Answer honestly: what would bother you more, waking up with a toothache or waking up to read a headline in the newspaper about an ongoing malaria epidemic in Malawi causing thousands of deaths a year? 

This question came to mind at a fascinating event here in New York as part of a series called Intelligence Squared, a public forum aimed at improving the level of discourse about important public issues. On Tuesday night, in front of a full house and recorded for subsequent broadcast on NPR, six leading specialists debated the proposition: aid to Africa is doing more harm than good.

I will admit to never having had much of an interest in African affairs, and I will also confess to being one of those people who would find the toothache more bothersome than news of a malaria epidemic. So, for me, one of the achievements of this debate was that it got me thinking about a range of issues that I have given little thought to in the past, and perhaps made my hypothetical toothache feel a bit less sore.

I was helped along by the speakers. George Ayittey, an economist from Ghana who teaches at American University, offered a devastating and passionately delivered evisceration of the existing system of aid, which he argued is keeping large swaths of Africa trapped in poverty under autocratic and kleptocratic regimes. He was helped along by William Easterly of NYU, who following in the footsteps of the great P.T. Bauer, has written the most recent bible of his side: The White Man’s Burden: How the West’s Efforts to Aid the Rest Have Done So Much Ill and So Little Good. The writer David Rieff was also on the same three-man team, but his deeply abstract points, delivered in an academic modality (“modality,” as was apparent, is his all-time favorite word) and qualified by a sententious and irrelevant declaration that he remained a man of the Left, made him more of a drain to his side than an asset.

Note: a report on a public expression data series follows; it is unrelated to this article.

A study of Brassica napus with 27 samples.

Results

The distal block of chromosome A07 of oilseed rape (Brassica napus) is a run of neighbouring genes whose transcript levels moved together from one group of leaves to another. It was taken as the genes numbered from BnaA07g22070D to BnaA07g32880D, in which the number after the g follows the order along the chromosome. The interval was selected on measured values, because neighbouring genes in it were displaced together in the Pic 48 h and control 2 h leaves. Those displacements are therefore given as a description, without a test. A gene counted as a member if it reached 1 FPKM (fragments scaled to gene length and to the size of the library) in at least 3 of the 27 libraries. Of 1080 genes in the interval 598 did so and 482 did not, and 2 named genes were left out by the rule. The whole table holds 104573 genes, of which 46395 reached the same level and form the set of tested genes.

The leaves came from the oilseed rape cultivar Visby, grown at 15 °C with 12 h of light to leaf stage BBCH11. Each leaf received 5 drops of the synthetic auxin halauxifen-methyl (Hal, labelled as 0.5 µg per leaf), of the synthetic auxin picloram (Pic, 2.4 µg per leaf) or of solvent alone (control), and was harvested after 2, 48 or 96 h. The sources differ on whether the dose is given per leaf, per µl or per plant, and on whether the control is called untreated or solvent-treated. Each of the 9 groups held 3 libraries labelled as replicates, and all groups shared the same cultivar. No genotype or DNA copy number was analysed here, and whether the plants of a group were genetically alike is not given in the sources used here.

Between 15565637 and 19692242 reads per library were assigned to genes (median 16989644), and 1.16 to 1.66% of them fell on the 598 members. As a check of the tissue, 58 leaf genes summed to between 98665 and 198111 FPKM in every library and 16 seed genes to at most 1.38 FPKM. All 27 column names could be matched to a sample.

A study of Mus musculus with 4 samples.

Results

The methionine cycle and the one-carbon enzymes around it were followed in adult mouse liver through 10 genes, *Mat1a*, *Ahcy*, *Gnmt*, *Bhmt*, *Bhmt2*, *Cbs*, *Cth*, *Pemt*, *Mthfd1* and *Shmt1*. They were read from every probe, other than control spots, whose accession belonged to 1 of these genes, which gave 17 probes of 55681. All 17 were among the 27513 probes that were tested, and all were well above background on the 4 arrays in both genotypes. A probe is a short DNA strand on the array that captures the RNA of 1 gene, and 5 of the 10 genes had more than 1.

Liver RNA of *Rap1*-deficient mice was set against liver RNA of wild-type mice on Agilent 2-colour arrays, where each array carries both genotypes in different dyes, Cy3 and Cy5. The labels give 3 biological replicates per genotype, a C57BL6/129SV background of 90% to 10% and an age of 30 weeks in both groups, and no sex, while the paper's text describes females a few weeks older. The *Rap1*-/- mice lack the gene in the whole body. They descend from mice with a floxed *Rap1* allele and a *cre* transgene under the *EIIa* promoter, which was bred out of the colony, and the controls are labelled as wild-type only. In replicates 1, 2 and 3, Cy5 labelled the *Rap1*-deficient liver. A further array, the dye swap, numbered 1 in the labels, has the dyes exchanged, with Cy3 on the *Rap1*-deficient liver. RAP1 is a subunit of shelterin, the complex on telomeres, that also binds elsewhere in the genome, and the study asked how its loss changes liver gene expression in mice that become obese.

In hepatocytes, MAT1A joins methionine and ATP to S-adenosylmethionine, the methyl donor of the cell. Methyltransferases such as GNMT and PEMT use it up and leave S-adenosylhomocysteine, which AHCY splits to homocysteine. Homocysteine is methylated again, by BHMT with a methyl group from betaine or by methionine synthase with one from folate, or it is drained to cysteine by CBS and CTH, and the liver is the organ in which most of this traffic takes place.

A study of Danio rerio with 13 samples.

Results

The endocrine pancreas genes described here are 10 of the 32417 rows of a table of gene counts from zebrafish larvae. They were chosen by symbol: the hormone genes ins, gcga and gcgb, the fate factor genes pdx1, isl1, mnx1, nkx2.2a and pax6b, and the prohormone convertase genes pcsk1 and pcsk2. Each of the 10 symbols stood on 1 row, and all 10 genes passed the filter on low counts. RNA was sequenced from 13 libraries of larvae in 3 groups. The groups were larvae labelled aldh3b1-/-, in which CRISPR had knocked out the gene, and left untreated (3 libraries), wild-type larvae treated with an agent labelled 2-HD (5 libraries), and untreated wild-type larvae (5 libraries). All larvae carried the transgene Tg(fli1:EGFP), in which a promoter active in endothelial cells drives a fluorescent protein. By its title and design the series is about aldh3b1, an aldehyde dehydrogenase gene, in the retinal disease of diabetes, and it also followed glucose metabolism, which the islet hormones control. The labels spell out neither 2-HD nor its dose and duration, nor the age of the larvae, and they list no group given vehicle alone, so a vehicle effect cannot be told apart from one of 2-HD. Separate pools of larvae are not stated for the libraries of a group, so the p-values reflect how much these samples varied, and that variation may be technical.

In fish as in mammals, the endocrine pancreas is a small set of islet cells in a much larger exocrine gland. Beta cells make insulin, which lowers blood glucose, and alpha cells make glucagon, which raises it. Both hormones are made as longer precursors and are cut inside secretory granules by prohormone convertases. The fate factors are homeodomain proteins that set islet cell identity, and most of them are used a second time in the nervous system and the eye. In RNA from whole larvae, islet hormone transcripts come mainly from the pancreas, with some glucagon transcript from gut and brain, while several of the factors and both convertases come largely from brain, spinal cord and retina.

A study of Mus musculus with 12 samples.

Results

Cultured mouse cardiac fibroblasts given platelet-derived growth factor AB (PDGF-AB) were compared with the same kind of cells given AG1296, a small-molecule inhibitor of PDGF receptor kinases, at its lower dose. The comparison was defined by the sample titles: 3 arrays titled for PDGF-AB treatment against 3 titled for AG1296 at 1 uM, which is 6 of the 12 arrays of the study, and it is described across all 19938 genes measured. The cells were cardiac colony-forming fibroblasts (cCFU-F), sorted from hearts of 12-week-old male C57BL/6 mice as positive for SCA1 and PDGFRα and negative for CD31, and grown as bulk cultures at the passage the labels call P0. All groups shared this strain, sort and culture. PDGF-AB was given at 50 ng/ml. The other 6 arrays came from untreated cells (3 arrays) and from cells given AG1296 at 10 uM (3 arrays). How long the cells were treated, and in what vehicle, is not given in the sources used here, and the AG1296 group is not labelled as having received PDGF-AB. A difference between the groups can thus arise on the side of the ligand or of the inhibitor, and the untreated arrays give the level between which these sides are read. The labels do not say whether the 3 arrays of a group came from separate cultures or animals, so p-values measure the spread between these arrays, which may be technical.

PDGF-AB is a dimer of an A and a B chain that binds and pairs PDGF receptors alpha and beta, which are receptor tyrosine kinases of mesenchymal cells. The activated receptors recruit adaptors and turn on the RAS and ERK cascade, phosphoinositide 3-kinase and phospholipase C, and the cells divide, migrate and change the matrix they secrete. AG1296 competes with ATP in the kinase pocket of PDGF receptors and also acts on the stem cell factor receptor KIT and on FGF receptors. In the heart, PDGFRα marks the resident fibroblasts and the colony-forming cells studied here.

The defenders of aid to Africa, C. Payne Lucas, president of Africare (an aid organization), John McArthur of Columbia University’s Earth Institute (whatever that is), and Gayle Smith, director of African affairs on the National Security Council under Bill Clinton, also put on a very persuasive case that the aid picture is not entirely bleak. But it was marred by gratuitous Bush-bashing, in which they juxtaposed the billions spent fighting wars in Afghanistan and Iraq with the paucity of funds spent eradicating poverty in Africa. Revealing their left-wing tilt did not help to persuade me that their arguments focusing on the merits of aid itself were rock solid.

In the end, I came away with the view that the proposition itself, while it led to an illuminating discussion, does not make all that much sense. Like all subjects, aid to Africa is a many-sided subject and the issue cannot be decided by an easy yes or no. But I also came away with the conviction that public debate of this sort is a very valuable thing. Robert Rosenkranz, the philanthropist who has brought this Oxford-style forum from England to American shores, deserves congratulations for a genuine and original accomplishment.